AINA) — Father Athanasis Toma, who lives in Los Angeles, returned recently from a trip to Iraq, his country of origin. Fr. Athanasis is an Assyrian, a chorbishop in the Ancient Church of the East, with a diocese San Fernando, CA. Fr. Athanasis was happy to visit Iraq, but is gravely concerned over the developments in that country, particularly about the situation of Assyrians, the indigenous people of Iraq.
According to Father Athanasis, there are many challenges that Assyrians are facing in Iraq, including security, land seizures and Kurdish discrimination and marginalization of Assyrians in the north.
The following is an interview with Fr. Athanasis conducted by Sabri Atman, the director of the Assyrian Genocide Research Center, based in Sweden.
Can you tell us about your visit to Iraq?
This was my second visit to the homeland within six years since leaving the country 42 years ago. It was a short but very sad visit because of the conditions and the unfair treatment of our people back home.
Were you surprised about what you saw or you were already aware of the current situation?
Overall I had heard about the situation and seen some posting on social media, but being with the people on the ground, it gives more in depth about their life, and the issues they face on daily bases.
What kind of challenges are Assyrians facing today in Iraq?
Our people are facing many challenges. The security issue of their lands and the unfair treatment of our young generation, students have no hope of good opportunities after graduation. The confiscating of lands continues. The discrimination in prioritizing the fulfillment of our village’s needs, which can be as simple electricity, water, water wells, and schools.
Do Assyrians still have hope in their home or they want to emigrate?
The message I got was is that people have lost hope and they are looking to emigrate to the west.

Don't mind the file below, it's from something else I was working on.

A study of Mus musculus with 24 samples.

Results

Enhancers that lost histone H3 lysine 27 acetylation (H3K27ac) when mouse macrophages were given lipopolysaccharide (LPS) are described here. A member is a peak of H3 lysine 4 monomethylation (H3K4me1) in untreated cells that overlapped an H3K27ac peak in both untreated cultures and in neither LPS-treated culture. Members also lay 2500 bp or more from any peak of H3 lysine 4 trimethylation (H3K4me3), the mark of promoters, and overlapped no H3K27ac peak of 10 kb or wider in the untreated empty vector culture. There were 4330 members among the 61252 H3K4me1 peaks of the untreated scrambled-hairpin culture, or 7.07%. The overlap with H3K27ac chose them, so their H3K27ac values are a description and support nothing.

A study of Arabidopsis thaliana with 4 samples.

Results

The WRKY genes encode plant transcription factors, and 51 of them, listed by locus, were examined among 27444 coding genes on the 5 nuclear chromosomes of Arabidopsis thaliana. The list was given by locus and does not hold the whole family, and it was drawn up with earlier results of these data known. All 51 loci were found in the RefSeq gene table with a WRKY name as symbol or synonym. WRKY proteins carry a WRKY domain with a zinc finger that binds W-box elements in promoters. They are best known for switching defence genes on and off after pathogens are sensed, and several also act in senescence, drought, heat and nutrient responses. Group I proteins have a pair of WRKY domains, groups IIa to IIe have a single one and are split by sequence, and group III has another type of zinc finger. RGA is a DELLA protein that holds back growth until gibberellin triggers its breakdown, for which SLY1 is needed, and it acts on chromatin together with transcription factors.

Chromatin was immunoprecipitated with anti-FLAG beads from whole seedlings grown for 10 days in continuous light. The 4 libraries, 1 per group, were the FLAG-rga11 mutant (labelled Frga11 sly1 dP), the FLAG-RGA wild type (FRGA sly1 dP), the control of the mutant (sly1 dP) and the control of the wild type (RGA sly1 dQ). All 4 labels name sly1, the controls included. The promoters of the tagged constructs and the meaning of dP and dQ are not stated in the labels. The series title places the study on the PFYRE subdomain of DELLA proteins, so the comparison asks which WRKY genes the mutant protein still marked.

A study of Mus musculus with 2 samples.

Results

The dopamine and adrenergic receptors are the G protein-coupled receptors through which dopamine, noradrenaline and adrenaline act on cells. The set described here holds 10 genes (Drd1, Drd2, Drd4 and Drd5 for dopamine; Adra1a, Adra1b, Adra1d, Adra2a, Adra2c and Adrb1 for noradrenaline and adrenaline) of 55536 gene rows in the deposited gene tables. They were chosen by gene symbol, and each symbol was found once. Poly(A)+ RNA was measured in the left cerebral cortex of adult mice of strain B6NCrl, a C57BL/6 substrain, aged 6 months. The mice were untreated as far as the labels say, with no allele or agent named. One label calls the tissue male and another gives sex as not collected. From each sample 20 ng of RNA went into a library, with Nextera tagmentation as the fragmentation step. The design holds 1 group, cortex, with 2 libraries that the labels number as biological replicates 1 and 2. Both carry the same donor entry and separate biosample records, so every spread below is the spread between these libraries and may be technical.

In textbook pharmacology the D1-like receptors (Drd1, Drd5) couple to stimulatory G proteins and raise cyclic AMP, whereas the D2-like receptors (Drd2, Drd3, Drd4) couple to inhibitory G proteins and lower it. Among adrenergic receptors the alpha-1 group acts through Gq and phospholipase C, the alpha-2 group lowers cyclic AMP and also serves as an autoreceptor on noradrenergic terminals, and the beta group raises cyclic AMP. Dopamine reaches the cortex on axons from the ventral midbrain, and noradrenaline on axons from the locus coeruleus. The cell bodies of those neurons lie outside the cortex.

How is the Assyrian relationship with the Kurds and others?
As we know, Assyrians always want to live in peace but cautiously with their neighbors, regardless of their ethnicity. They respect their neighbors but they truly fear them also, since what happened to them in the recent years with ISIS.
Are the Kurds seizing the Assyrian land?
Indeed, they are slowly steeling lands, building homes in areas not belonging to them. In other words, confiscating Assyrian lands mostly in villages that are not heavily populated or occupied by Assyrians throughout the year.
Is the occupation of the Assyrian land inadvertent or is it a systematic policy by the Kurdish Regional Government?
In my view, it’s a systematic policy. The reason being, you hear the Kurds saying to their Assyrian neighbors “why should I purchase your property, when I can get it for free once you leave.” This means they are aware of what they are doing and they are applying all kind of pressure on our villages, so our people will abandon their homes.
What is the expectation of the Assyrians living in their homeland from the Assyrians in the Diaspora, how can we help them?
They are truly depending on our people in the Diaspora to be their voice. I believe we owe to them by being more active and knocking on doors here in Washington and around the world.
Their cry and our effort so far have fallen on deaf ears. We must find a solution, a nation that cares about our case. But most of all, we need to stand united and tear down the walls that divide us as a nation. That will be the greatest help to them.
Is any humanitarian organization helping them?
Very few humanitarian organizations are left. Most of them have left the country.
Do you think as Assyrians and as Christians we have any future in the Middle East and particularly in Iraq?
It’s a question that we need to be very honest with ourselves about. If we are not united and if conditions continue as they are, I believe we will diminish and soon not many will be left. Our lands, language, history and traditions will be all gone.